ALEX BRUMMER: Eye-popping national debt is fine while interest rates remain low, but living on never-never is only sustainable short term
- In the UK, the Chancellor Rishi Sunak is projected to spend £280billion on the pandemic
- Donald Trump has finally put his signature to a bailout package which will pump a further £1.7trillion into the US economy and avoid a government shutdown
- Japan has just added a further £524billion of stimulus to the £1.6 trillion injection it made in the spring
The biggest difference between Covid-19 and previous global economic crises has been the willingness of governments to spend their way out of slump.
The scale of fiscal and monetary injections has been key to averting 1930s levels of unemployment, banking and corporate collapses while also buoying stock markets.
Donald Trump has finally put his signature to a bailout package which will pump a further £1.7trillion into the US economy and avoid a government shutdown.
Taking a hit: The scale of fiscal and monetary injections has been key to averting 1930s levels of unemployment, banking and corporate collapses while also buoying stock markets
It is a curiosity of American politics that Trump and his Democrat critics on Capitol Hill have been on the same side in the latest budgetary dispute, with the President and House leadership wanting to send a cheque for up to £1,500 to every citizen – helicopter money if you like – but the Republicans refusing to go beyond £450.
Here in the UK, the Chancellor Rishi Sunak is projected to spend £280billion on the pandemic, a bill that may yet rise depending on the speed of immunisation rollout.
Japan has just added a further £524billion of stimulus to the £1.6 trillion injection it made in the spring. The EU has been notably slower in fiscal support although Germany, France et al have done much nationally.
Across the trade bloc, Brussels initially approved £676billion of assistance. And while the UK was distracted on the outcome of the EU trade deal the Commission came up with a further six-year £1.6 trillion plan to create a greener and more digitally enabled continent post-Covid.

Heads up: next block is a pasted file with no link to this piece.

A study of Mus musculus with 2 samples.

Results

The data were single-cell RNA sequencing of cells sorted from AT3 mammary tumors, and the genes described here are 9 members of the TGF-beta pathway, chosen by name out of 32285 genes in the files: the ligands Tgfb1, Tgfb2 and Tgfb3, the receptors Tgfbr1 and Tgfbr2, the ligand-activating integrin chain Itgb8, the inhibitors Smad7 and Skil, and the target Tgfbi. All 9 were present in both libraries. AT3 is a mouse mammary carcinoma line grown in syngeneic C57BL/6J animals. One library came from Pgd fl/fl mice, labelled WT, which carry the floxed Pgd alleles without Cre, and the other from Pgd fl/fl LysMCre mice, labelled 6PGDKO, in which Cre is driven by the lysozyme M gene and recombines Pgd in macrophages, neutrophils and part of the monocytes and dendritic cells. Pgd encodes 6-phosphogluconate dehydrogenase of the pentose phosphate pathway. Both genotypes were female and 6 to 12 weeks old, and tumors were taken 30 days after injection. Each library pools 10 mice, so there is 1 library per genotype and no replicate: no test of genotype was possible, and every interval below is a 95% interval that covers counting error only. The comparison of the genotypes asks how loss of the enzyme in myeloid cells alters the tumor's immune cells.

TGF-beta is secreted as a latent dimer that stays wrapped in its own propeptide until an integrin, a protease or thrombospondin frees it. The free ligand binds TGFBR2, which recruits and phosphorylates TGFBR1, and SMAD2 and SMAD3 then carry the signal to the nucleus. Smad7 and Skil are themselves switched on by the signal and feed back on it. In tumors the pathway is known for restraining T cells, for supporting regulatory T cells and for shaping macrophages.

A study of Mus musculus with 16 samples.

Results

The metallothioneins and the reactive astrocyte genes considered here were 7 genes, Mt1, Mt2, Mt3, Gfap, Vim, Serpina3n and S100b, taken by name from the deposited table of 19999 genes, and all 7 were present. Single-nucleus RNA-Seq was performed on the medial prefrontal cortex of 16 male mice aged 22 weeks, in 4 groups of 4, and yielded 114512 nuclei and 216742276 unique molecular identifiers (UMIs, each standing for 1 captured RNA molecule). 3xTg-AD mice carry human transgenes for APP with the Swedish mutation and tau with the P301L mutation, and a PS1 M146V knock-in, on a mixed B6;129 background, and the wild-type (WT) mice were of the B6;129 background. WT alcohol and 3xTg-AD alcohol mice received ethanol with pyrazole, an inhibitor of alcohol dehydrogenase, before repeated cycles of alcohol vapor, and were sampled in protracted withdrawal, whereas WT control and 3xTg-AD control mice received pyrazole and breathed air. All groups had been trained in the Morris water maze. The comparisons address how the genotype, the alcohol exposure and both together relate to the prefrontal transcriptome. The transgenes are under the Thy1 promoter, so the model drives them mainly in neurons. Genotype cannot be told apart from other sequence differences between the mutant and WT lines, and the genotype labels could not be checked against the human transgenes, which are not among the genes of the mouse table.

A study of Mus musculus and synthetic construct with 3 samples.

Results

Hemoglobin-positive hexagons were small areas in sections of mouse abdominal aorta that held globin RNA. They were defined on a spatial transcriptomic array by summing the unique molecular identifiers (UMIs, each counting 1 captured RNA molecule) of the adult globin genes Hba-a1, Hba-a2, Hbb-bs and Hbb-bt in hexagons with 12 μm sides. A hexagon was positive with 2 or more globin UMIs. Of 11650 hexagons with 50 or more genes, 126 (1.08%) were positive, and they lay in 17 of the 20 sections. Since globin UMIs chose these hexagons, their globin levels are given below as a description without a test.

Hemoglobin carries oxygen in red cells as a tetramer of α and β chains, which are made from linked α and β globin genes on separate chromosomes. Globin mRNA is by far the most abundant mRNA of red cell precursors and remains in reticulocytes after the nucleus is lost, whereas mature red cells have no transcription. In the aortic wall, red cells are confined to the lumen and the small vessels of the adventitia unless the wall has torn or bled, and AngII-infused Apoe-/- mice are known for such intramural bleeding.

The consequence of so much of the West rippling its fiscal muscles is eye-popping national debt. That is fine while interest rates remain low. But living on the never-never is only sustainable short term.
As we embrace the UK’s new sovereign status amid the pandemic, tech continues to keep on giving.
UK tech raised a record £11billion in venture capital in 2020 – a bigger number than France and Germany combined. Encouragingly, the investment was not confined to the Golden Triangle of London, Oxford and Cambridge but shared across Leeds, Newcastle and Glasgow too. Jobs may be lost in retail and hospitality but as of November there were 75,000 fresh vacancies in technology. As one door closes another opens.
By Silicon Valley standards the UK may look like an also-ran but there is advantage in artificial intelligence, gaming and fintech which provides reason for optimism if venture capital and training can be ramped up. The UK also needs to ensure that cutting edge UK firms such as Codemasters can develop rather than be sold off at a time of subdued FTSE250 and Aim share prices.
Minister for the Cabinet Office Michael Gove is keen to promote more tech flotations in London. The Hut initial public offering, for all its imperfections, shows it can be done. More are needed but not to the detriment of sound governance.
Much mockery about UK trade deals with dots in the Pacific such as Samoa and European backwater Moldova. Signing up Turkey is a big plus with £18.6billion of trade at stake following deals reached with Japan, Canada, Switzerland and Norway bringing the number of new accords to 46 countries. Next stop for International Trade Secretary Liz Truss? Joe Biden’s Washington DC.